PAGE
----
In this worksheet, students practise writing a non-chronological report, focusing on the language conventions and grammatical structure of a non-chronological report.

'Write a Non-Chronological Report' worksheet

Key stage:  KS 2

Curriculum topic:  Writing: Composition

Curriculum subtopic:  Plan What and Who to Write For

Difficulty level:  

down

Worksheet Overview

QUESTION 1 of 10

A non-chronological report (sometimes simply called a report) is a text written to describe or classify something. Reports include guide books, information leaflets and books about animals or periods in history.

 

Reports often contain the following features.

 

1) They open with a general description or classification.

e.g. A dog is a mammal.

 

2) They are usually written in the present tense.

 

3) The main body of the text is divided into paragraphs about different aspects of the topic. The paragraphs may have sub-headings.

 

4) They contain facts, not opinions.

 

5) They describe the topic in general, rather than in particular (e.g. describing 'dogs' rather than 'my dog Sid').

 

6) They use fairly formal and technical language, rather than slang.

 

7) They end with a conclusion which may identify the main points already described.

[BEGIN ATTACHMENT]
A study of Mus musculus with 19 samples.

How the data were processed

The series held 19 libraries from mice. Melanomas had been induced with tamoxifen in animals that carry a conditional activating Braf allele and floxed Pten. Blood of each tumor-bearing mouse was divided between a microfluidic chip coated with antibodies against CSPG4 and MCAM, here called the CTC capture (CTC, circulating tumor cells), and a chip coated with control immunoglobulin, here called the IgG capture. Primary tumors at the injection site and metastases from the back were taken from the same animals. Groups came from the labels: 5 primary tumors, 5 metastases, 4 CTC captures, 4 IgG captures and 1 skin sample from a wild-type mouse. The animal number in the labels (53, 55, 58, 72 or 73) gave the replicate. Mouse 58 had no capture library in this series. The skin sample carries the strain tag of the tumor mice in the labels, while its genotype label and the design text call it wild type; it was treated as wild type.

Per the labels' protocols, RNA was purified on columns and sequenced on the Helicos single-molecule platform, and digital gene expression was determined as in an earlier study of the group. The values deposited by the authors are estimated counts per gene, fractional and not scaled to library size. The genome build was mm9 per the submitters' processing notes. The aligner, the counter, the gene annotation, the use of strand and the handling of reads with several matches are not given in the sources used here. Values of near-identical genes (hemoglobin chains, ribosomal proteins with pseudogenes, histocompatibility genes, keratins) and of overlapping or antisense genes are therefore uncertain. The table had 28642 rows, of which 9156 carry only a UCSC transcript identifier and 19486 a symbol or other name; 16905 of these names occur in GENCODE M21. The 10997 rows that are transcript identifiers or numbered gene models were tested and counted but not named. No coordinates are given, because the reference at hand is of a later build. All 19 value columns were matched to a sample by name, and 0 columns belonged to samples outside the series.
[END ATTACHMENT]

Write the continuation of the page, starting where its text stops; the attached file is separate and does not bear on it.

In this worksheet you can practise writing a non-chronological report, focusing on including all the above features. Remember that you can look back at this introduction as often as you like by clicking on the Help button.

In the box below, write a non-chronological report about something you are familiar with, such as a particular animal or a place you know well. Write your report in the present tense and try to include the features that are listed in the introduction. (Remember that you can look back at the introduction as often as you like by clicking on the Help button.)


 

  • Question 1

In the box below, write a non-chronological report about something you are familiar with, such as a particular animal or a place you know well. Write your report in the present tense and try to include the features that are listed in the introduction. (Remember that you can look back at the introduction as often as you like by clicking on the Help button.)


 

CORRECT ANSWER
EDDIE SAYS
Award a maximum of 10 marks for the report.
1) Award one mark if there is a general description or classification at the start of the report.
2) Award one mark if the present tense is used consistently throughout the report.
3 and 4) Award up to two marks if the work is divided into paragraphs about different aspects of the subject.
5) Award one mark for the use of sub-headings.
6) Award one mark if the report contains only facts and no opinions.
7) Award one mark if the report is about the subject in general and is not specific to the writer.
8 and 9) Award up to two marks for the use of formal and technical language and the avoidance of slang.
10) Award one mark if there is a definite conclusion to the report.